Iran: Cruel honor killing of Romina Ashrafi
Planned legislative reform is not believed to be of significance/ On the anniversary of the demonstrations of June the 12th, 2006, the ISHR demands more safety and rights for women in Iran
Frankfurt/Gilan, 10 June 2020 – Women´s rights in Iran have been majorly restricted in the past decades. The most recent example of this is the honor killing of Romina Ashrafi. On May the 24th 2020 the 14-year-old was decapitated by her father in the city of Talesh in the north of Iran because she ran off with her older boyfriend. Reza Ashrafi, the father, is now kept in custody. He is facing 3 to 10 years of prison, a comparatively mild sentence. The case garners huge international attention, shortly before the anniversary of the protests of June the 12th, 2020, when protesters demanded equal rights for women. The demonstration was violently put down by national security forces and protesters were randomly arrested. The International Society for Human Rights (ISHR) has campaigned and championed women´s rights in Iran for years now. “Women are still treated as second class citizens in Iran. This has to change”, demands the ISHR.
Lack of safety for women
Romina Ashrafi is one of many victims of so called “honor killings” in Iran. The term describes the killing of mostly female family members, who have violated a certain norm or rule of behavior. The killing is seen as a measure to avert the dishonoring of the family. The latest case has put the issue at the center of public attention in Iran again and the voices for gender equality have become louder. It has been reported throughout the international press as well as various social media platforms in order to highlight the lacking legislation for the protection of women and their systematic discrimination.
President Hassan Rouhani officially spoke out in support of a legislative reform to increase punishment for honor killings. In it, violence against women was not specifically addressed, however, gender segregation on university campuses was demanded. According to an expert, the proposed reforms only strengthen women´s rights in individual cases. The overall situation of women would, however, not improve, even if the legislative reform passes. The ISHR therefore sees Rouhani´s statement as “empty words to calm down the population and to deceive them”. As the president knows very well, the conservative judiciary would reject such reform efforts and would always advocate the supremacy of men´s rights.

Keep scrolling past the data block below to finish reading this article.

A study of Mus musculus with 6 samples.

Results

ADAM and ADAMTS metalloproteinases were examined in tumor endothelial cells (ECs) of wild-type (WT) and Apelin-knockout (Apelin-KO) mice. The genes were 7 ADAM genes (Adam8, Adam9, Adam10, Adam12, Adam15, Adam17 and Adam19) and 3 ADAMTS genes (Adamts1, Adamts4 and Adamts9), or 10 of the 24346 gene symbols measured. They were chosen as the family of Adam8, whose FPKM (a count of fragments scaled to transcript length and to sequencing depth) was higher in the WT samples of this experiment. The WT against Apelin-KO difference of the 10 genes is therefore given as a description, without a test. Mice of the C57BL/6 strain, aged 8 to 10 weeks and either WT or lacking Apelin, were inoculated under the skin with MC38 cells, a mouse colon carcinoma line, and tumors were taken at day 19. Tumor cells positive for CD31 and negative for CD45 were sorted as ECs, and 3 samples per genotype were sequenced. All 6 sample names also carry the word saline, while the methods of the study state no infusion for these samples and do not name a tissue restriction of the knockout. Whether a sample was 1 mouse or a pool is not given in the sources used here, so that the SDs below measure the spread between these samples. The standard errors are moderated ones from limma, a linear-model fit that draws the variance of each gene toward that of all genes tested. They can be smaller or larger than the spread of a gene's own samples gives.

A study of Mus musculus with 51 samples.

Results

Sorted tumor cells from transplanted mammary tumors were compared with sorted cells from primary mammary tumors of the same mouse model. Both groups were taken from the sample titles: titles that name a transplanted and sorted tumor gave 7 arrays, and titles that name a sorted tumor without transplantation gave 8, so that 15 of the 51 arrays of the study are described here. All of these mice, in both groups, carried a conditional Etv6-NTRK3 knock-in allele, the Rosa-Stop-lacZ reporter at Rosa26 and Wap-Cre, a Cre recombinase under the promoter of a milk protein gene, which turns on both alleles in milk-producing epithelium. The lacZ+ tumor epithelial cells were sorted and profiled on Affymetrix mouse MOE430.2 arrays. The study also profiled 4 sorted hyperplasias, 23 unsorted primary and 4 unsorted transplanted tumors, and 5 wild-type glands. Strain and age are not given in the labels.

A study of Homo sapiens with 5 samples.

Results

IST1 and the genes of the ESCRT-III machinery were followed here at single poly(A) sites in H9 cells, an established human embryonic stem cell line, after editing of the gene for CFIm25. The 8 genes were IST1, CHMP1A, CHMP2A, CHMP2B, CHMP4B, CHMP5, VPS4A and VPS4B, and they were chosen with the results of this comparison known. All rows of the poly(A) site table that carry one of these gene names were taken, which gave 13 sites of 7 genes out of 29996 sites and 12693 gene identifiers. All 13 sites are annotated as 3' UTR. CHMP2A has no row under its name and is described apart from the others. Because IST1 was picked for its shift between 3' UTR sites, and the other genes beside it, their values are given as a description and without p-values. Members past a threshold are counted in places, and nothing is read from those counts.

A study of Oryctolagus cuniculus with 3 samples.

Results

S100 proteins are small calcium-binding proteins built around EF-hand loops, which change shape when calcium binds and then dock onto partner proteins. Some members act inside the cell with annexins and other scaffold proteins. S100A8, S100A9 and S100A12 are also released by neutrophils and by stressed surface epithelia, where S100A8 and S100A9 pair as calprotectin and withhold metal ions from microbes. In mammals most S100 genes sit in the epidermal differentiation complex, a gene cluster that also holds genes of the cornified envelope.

Anniversary of 2006 demonstration
The killing took place shortly before the 14th anniversary of the demonstrations of June the 12th, 2006, which, according to the ISHR, is a “historic day for women´s rights in Iran”. Back then the protesters on the Hafte-Tir square demanded equal rights for women in Iran. After the peaceful protest was violently put down and many people were arrested, 54 women´s rights activist, amongst others the peace nobel prize laureate Dr. Shirin Ebadi, started a campaign for women´s rights called “one million signatures”. In 2007 the campaign successfully prevented a paragraph of the newly proposed family law to pass, which stated that a man would not need the approval of his first wife to marry a second woman.
Background: the fight for equality in Iran
Since the presidential elections of 2009 women´s rights activists in Iran have been heavily monitored, harassed and arbitrarily arrested. The ISHR wants to highlight that the Iranian legislation, which goes back to the Islamic revolution, generally privileges men. On a daily basis men make all the major decisions of a woman´s life, including whether there is a “need for retribution” after a crime has been committed. A renown, imprisoned women´s rights activist is the human rights lawyer Nasrin Sotoudeh, who has represented Dr. Shirin Ebadi after she was arrested in June 2006. Nasrin Sotoudeh is held on the charges such as “propaganda which is hostile to the state”, “insult of the supreme leader” and “espionage” and has been sentenced to 33 years in prison and 148 lashes. Currently she is kept at the infamous Evin-prison in Teheran. The ISHR and the App MyPostcard have started a postcard campaign to draw attention to her story and to increase international pressure on the Iranian regime.